Controversy brewed among the Winthrop community as some students were opposed guest speaker, Frank Turek,at the philosophical event, “If God, Why Evil?” hosted by the Christian organization Ratio Christi on Feb. 5, 2019.
Turek, a Christian author and public speaker, is known for his book Correct, Not Politically Correct; How Same-Sex Marriage Hurts Everyone.
Some students thought the event should be cancelled and the speaker should not have been allowed to speak on Winthrop University’s campus because of his negative views on the legalization of gay marriage.
However, public institutions of higher education are considered peaceful forums for public speech and debates for opposing opinions, according to mass media law professor, Nathaniel Frederick.
“There’s two sides to it. One could argue that […] the speaker doesn’t represent the values of the university. On the other hand, as a public institution, you also want to recognize all voices, not just voices that you agree with,” Frederick said.
The Freedom Forum Institute said public colleges and universities must present balance in the representation of differing opinions to promote educational discussions.
“Public institutions in their diversity often have students and faculty of different political persuasions, sexual orientations and religious commitments. Moreover […] academic freedom, the right to inquire broadly, to question and to promote an environment where wrong answers, seemingly absurd ideas and unconventional thought are not just permitted, but even encouraged,” according to the Freedom Forum Institute.
If students oppose a speaker and they would like to protest, they have that right, said Frederick. The university would also stop the event if the protests led to non-peaceful activities, also known as heckler’s veto.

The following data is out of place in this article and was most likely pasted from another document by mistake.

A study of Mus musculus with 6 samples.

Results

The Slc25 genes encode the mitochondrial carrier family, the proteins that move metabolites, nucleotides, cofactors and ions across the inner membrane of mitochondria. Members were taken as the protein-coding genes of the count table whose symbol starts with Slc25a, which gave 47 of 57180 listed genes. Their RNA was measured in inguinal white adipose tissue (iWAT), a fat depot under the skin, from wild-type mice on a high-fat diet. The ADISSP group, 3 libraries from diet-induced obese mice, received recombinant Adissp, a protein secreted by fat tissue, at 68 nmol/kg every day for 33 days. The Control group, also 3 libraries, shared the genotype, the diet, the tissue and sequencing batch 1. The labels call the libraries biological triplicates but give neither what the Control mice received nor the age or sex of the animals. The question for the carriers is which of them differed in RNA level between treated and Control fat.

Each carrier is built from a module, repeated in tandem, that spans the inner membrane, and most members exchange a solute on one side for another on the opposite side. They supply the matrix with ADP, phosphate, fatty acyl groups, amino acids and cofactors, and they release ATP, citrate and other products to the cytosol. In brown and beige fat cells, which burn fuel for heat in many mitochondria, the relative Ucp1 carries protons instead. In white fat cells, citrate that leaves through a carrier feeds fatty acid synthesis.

Although public colleges are areas which promote sharing differing views, they would disinvite a speaker in rare cases such as the speaker is inciting violence or threats to the student body.
“At a state university, the only thing…[which would prevent a speaker] is if the content would be considered obscene,” Frederick said. “That would be something that would draw the line.”
Students and off-campus community members who want to speak or protest on campus, who are not officially invited by student organizations or the university, are allowed to use the campus’ free speech zones.
If a student organization would like to invite a speaker, they would have to submit a space request to the Office of Student Affairs and then follow concise guidelines to seek approval.
Bethany Marlowe, dean of students, said students who would like to invite a speaker would use the allocations process and the guidelines listed on the Student Activities page on Winthrop’s website.
“There are limited funds for speakers, but the student allocations committee has guidelines and tries to apply them consistently and fairly,” Marlowe said. “Registered groups may invite speakers without requesting university funds and they are allowed to reserve space and to advertise as long as they follow posting policy. ”
Marlowe said invited speakers do not have to present what they are going to talk about to the university, but student organization leaders have to meet with Patricia Riley, the assistant director of student activities, to discuss and plan their program.
“A university is supposed to be a ‘marketplace of ideas,’ so there will certainly be people who express views that may not agree with those other individual students hold. For instance, all of our political groups bring candidates and speakers and they often hold differing views,” Marlowe said.
Marlowe said she “applauds” the students who attend events where speakers may have dissimilar views than their own. She said she encourages students to continue listening to different opinions and ask questions.
“We are very fortunate to be a part of such a diverse community where we can learn from one another in a safe environment,” Marlowe said.